Every spring and summer, the Salt Creek Bicycle Trail fills up with traffic, and at times, the bikers, walkers, roller skaters and joggers are so thick that you might as well be on an expressway during rush hour.

This state of “trail clog” is at its worst during the best days of summer, when vacationing kids and adults decide to go for a ride. Sometimes the trail is so crowded that you have to spend less time watching nature than you do watching out for your own safety.

At any moment, you are apt to run into those bikers who ride two or three across, the “trail hogs.” And you never know who may be coming up, from right behind you. And don’t even get me started on the bikers who think the trail is their own private racing course.

Experienced bikers breathe a sight of relief when Labor Day finally arrives, because they know that traffic on the bike trail is about to diminish dramatically. The summer vacationers have all gone back to school or back to work, the days are growing shorter and the weather is getting chillier.

As autumn arrives, the trees in the woods along the trail are the first to change color and lose their leaves, since they have received little extra water or attention from the roving hordes of landscapers who give scheduled care to the properties of suburban homeowners.

This is a wonderful time to experience fall (and falling!) colors here, as the trees shed their leaves. Forget going off to some northern villages and towns, just grab your camera, hop on a bike and hit the trail, which is now pretty well devoid of traffic, especially on cold days.

If it’s windy, however, watch out for the usual loose branches and sticks on the trail. They can puncture your tires, get stuck in your wheel spokes, and, if large enough, can fling you right off your bike.

As the leaves fall in greater numbers, they can cover the trail with a blanket so very thoroughly that you will be hard-pressed to separate the asphalt trail surface from the adjoining ground level.

To complicate matters, the asphalt is usually an inch or two higher than the ground, which means that if you misjudge, you may slip off the trail entirely, and suddenly find yourself struggling to maintain control of your bike on bumpy, unfamiliar terrain. All of which means that, yes, you could hit the ground, even harder than a whole treefull of leaves.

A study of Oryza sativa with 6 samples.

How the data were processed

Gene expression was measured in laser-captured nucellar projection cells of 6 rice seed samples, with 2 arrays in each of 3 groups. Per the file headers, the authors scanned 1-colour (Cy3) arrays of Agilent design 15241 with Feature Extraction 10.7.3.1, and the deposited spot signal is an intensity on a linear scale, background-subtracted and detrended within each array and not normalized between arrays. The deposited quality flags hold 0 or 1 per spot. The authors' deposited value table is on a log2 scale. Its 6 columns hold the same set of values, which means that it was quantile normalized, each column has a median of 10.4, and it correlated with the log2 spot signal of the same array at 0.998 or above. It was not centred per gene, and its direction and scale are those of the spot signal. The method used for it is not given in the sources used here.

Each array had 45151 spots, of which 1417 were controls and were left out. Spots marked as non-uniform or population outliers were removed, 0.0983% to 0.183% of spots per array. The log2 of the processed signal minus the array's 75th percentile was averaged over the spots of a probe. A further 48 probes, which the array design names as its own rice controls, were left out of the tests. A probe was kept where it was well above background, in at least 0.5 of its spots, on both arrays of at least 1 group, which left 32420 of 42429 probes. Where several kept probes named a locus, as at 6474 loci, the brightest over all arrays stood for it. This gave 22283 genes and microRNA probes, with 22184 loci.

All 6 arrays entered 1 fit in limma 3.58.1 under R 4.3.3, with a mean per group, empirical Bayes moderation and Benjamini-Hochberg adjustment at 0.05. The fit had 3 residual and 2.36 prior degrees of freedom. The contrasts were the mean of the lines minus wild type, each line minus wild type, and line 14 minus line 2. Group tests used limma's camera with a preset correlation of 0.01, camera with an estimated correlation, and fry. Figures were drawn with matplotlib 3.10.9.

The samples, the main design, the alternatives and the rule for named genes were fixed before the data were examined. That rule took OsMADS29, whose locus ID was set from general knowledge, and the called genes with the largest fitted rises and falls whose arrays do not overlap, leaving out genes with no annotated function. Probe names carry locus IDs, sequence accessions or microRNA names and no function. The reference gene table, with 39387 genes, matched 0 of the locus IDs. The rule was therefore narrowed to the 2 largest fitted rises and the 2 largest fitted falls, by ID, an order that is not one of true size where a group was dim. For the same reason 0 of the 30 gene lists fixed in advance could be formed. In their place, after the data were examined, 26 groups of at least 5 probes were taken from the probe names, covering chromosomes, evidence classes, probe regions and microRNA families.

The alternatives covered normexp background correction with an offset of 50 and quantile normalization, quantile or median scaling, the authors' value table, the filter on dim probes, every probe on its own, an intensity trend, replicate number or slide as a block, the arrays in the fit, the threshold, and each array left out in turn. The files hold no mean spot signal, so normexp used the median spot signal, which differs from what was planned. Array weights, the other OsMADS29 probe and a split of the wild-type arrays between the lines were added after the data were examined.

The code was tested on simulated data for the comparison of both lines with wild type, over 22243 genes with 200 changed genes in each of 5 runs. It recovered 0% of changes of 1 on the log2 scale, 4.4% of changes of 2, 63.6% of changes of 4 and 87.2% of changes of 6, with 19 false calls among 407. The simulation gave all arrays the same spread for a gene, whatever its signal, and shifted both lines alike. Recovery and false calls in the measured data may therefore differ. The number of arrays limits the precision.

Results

I guess if you really want to take long and careful notice of something, you might as well just completely stop, move your bike off the trail, and then drink in this interesting time of natural change.

Rain causes the wet leaves on the trail to become slippery, so watch your stops and turns while riding on them. Also, rain sometimes is accompanied by wind, and that causes the trees to shed sticks and limbs. If you are on the trail, and it’s growing dark, watch out! A small limb can blend in with the color of the trail surface and send you unexpectedly flying over the handlebars.

After weeks pass, you will see more and more deer out, foraging. Sometimes they will stand a little distance off the trail. If you are passing by them, make no sudden moves and they will just eye you as if you have all the substance of a picture on a television screen.

If you choose to stop, they will be on their guard, and ready to bolt from your vicinity. Do not approach them. While some may dash off, there may be the rare one who not only stands up to your advance, but moves closer to you, ready to defend themselves or their herd.

So watch them, take photos of them if you want, but remember, they are, despite living in the suburbs, still wild animals. You may look harmless to them, or like a threat.

As winter approaches, dress more warmly when biking. Make certain your brakes are in fine working order, and you can even bring along a bottle of coffee, tea or hot chocolate to keep you warm. Just because it’s getting colder, doesn’t mean you can’t be out on the trail.

Besides getting some exercise, and seeing how nature copes, there is an additional benefit. Sometimes, after a period of riding, you may become suddenly aware that you have seen no other bikers approaching you or in back of you. Then you begin to believe that you may be the only person on the entire trail, which is now all yours, and yours alone, to ride on and explore. This may be true, so enjoy it, while you can. And say hello to the deer for me.